Gangster book Discussion
From left: Jacques van Wyk from the Association of Certified Fraud Examiners (ACFE) Cathy Dlodlo, news editor from OFM; Pieter Roux from the UFS Business School; Alta Vermeulen from the UFS Department of Political Studies and Governance and Pieter-Louis Myburgh, author

A packed Odeion Auditorium at the University of the Free State was welcomed by Professor Helena van Zyl, Head of the UFS Business School. The reason being, a panel discussion with award-winning investigative reporter and author, Pieter-Louis Myburgh, on his much-publicised book Gangster State: Unravelling Ace Magashule's Web of Capture. The programme took the form of a panel discussion. The panellists included Pieter-Louis Myburgh, author; Jacques van Wyk from the Association of Certified Fraud Examiners (ACFE); Cathy Dlodlo, news editor from OFM; Alta Vermeulen from the UFS Department of Political Studies and Governance; and Pieter Roux from the UFS Business School.

In his introduction, Myburgh said he was happy that he was able to come to Bloemfontein and have the discussion, since South Africans should cherish freedom of speech and a free press.

The research for the book took 13 months to conclude, and during this time he spent a lot of time in the Free State and Bloemfontein. He mentioned that the book gave him the opportunity to present a condensed account of what he discovered; he could therefore share more, as opposed to just reporting on a story in the newspaper. For him, investigative reporting should always be fact based and open to scrutiny.

Some of the topics raised by the panel was concern about the perception that investigative journalists are focusing more on corruption in the public sector and less on the private sector. This was, however, discarded as a myth, as Myburgh pointed out that he exposed both private and public sector dealings in order to provide the full scope of involved parties.

Focusing on whistle blowers, the panel challenged the verification of whistle-blower information. Myburgh responded that journalists never use only one whistle-blower’s evidence, since that is merely the start of the investigation. Further investigation was necessary, and facts had to be verified. With that said, there is still a lot to be done with regard to the protection of whistle-blowers, he concluded.

The floor was opened to the audience, which provided the opportunity to ask questions and raise concerns about what was mentioned during the panel discussion. The audience eagerly participated in the discussion. In conclusion, Myburgh reiterated that society plays a vital role in keeping those in power to the promises they make.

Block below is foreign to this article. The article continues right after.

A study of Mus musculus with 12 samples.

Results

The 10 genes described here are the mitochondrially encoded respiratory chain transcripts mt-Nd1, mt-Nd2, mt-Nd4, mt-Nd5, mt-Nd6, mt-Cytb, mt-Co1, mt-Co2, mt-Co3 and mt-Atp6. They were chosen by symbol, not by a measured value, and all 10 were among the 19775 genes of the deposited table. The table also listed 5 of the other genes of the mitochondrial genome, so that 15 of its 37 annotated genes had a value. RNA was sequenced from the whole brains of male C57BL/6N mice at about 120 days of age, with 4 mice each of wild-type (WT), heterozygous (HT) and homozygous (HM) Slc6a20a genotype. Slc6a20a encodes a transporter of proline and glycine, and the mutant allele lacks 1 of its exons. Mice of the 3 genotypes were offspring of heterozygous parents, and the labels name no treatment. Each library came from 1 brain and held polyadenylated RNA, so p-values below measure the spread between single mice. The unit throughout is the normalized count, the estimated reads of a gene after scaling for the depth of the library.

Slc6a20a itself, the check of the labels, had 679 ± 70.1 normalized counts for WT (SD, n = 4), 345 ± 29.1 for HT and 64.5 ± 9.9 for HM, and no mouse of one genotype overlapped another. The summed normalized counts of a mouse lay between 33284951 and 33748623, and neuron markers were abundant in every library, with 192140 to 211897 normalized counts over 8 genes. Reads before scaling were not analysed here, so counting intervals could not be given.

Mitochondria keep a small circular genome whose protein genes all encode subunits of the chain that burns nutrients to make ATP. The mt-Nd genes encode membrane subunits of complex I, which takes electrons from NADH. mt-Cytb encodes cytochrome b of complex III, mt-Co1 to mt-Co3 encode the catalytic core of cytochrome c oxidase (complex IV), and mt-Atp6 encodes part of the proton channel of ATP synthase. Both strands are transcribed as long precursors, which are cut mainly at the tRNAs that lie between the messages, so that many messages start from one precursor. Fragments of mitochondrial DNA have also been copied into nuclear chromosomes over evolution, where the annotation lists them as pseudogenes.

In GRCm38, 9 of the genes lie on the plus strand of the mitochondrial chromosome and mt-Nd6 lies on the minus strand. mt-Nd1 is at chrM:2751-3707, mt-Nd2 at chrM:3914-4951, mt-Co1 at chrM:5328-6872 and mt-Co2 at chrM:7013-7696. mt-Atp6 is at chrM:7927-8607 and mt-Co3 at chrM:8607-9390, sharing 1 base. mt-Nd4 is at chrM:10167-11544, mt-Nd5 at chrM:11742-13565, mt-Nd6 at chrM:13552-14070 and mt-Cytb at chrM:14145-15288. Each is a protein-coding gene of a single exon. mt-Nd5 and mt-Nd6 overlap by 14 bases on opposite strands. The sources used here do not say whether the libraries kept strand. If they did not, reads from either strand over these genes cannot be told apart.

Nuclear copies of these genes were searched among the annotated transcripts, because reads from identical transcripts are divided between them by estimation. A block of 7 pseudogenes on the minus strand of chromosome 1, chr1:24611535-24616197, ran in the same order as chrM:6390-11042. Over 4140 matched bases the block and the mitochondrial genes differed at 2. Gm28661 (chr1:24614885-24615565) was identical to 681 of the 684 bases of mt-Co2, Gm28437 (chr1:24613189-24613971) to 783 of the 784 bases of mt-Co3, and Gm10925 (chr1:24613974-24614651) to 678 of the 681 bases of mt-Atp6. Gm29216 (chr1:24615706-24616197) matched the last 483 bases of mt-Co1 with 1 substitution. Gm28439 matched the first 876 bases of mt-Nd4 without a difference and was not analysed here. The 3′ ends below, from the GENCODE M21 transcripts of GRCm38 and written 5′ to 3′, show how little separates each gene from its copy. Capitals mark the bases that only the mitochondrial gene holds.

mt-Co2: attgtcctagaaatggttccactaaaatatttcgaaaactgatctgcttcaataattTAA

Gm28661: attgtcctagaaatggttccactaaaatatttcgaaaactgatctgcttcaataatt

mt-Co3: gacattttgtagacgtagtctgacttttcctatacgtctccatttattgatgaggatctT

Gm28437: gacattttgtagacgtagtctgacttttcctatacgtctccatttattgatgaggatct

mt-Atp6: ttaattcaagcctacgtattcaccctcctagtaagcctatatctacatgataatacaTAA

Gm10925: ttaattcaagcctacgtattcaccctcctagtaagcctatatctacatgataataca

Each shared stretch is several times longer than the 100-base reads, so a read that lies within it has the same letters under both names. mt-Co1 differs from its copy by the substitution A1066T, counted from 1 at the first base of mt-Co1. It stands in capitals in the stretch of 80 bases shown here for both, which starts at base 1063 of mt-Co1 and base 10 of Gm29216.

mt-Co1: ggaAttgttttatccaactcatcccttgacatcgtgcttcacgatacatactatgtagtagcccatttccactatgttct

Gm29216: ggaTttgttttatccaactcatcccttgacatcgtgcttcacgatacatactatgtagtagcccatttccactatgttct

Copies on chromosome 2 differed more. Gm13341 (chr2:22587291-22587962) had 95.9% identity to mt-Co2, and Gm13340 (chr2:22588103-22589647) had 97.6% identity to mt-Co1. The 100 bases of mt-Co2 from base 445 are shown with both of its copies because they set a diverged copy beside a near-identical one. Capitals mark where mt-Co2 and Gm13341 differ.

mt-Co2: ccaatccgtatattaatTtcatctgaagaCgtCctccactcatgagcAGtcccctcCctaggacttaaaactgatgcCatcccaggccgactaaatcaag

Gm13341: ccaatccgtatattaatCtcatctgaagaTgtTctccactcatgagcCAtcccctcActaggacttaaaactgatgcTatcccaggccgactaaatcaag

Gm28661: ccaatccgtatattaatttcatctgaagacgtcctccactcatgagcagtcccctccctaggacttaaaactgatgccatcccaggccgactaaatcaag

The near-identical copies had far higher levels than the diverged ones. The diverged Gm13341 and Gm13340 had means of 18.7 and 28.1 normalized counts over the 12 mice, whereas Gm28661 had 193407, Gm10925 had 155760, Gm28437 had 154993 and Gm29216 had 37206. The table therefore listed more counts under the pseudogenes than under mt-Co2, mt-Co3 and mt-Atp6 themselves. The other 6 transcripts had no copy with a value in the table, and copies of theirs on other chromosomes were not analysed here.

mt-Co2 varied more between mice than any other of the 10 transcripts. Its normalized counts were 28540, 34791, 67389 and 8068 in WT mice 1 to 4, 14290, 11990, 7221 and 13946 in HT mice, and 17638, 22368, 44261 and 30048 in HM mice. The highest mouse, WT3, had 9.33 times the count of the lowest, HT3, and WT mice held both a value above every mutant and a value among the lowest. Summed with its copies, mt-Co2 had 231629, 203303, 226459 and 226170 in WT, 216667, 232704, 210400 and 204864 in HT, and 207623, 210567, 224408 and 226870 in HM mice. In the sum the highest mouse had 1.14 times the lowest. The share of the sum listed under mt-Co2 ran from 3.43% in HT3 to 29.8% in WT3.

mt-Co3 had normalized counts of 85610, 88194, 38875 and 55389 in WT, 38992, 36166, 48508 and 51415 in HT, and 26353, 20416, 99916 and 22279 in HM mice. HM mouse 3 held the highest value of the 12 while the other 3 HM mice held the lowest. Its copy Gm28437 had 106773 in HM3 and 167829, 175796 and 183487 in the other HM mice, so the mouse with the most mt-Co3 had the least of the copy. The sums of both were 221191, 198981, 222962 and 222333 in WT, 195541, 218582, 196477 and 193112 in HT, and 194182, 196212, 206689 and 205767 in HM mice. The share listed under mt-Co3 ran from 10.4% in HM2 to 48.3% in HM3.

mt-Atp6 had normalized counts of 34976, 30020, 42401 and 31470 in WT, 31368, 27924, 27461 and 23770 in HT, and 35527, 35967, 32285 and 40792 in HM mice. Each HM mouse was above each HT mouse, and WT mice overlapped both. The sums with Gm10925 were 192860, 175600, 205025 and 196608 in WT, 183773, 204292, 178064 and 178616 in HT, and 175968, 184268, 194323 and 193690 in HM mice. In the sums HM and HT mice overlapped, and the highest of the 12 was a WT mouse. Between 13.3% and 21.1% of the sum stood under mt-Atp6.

After the discussion, the audience had the opportunity to have their books signed by the author.

News Archive

Prof Antjie Krog speaks on verbalising revulsion and the collusion of men
2015-06-26

From the left are Prof Lucius Botes, UFS: Dean of the Faculty of the Humanities; Prof Helene Strauss, UFS: Department of English; Prof Pumla Gobodo-Madikizela, UFS: Trauma, Forgiveness and Reconciliation Studies; Prof Antjie Krog, UCT: Department Afrikaans and Dutch; Dr Buhle Zuma, UCT: Department of Psychology. Both Prof Strauss and Dr Zuma are partners in the Mellon Foundation research project.

“This is one of the bitterest moments I have ever endured. I would rather see my daughter carried away as a corpse than see her raped like this.”

This is one of 32 testimonies that were locked away quietly in 1902. These documents, part of the NC Havenga collection, contain the testimonies of Afrikaner women describing their experiences of sexual assault and rape at the hands of British soldiers during the South African War.

This cluster of affidavits formed the foundation of a public lecture that Prof Antjie Krog delivered at the University of the Free State’s (UFS) Bloemfontein Campus on Tuesday 23 June 2015. The lecture, entitled ‘They Couldn’t Achieve their Goal with Me: Narrating Rape during the South African War’, was the third instalment in the Vice-Chancellor’s Lecture Series on Trauma, Memory, and Representations of the Past. The series is hosted by Prof Pumla Gobodo-Madikizela, Senior Research Professor in Trauma, Forgiveness, and Reconciliation Studies at the UFS, as part of a five-year research project funded by the Andrew W. Mellon Foundation.

Verbalising revulsion

The testimonies were taken down during the last two months of the war, and “some of the women still had marks and bruises on their bodies as evidence,” Prof Krog said. The victims’ words, on the other hand, struggled to express the story their bodies told.

What are the nouns for that which one sees? What words are permissible in front of men? How does one process revulsion verbally? These are the barriers the victims – raised with Victorian reserve – faced while trying to express their trauma, Prof Krog explained.

The collusion of men

When the war ended, there was a massive drive to reconcile the Boers and the British. “Within this process of letting bygones be bygones,” Prof Krog said, “affidavits of severe violations by white men had no place. Through the collusion of men, prioritising reconciliation between two white male hierarchies, these affidavits were shelved, and, finally, had to suffer an embargo.”

“It is only when South Africa accepted a constitution based on equality and safety from violence,” Prof Krog said, “that the various levels of deeply-rooted brutality, violence, and devastation of men against the vulnerable in society seemed to burst like an evil boil into the open, leaving South African aghast in its toxic suppurations. As if, for many decades, we did not know it was there and multiplied.”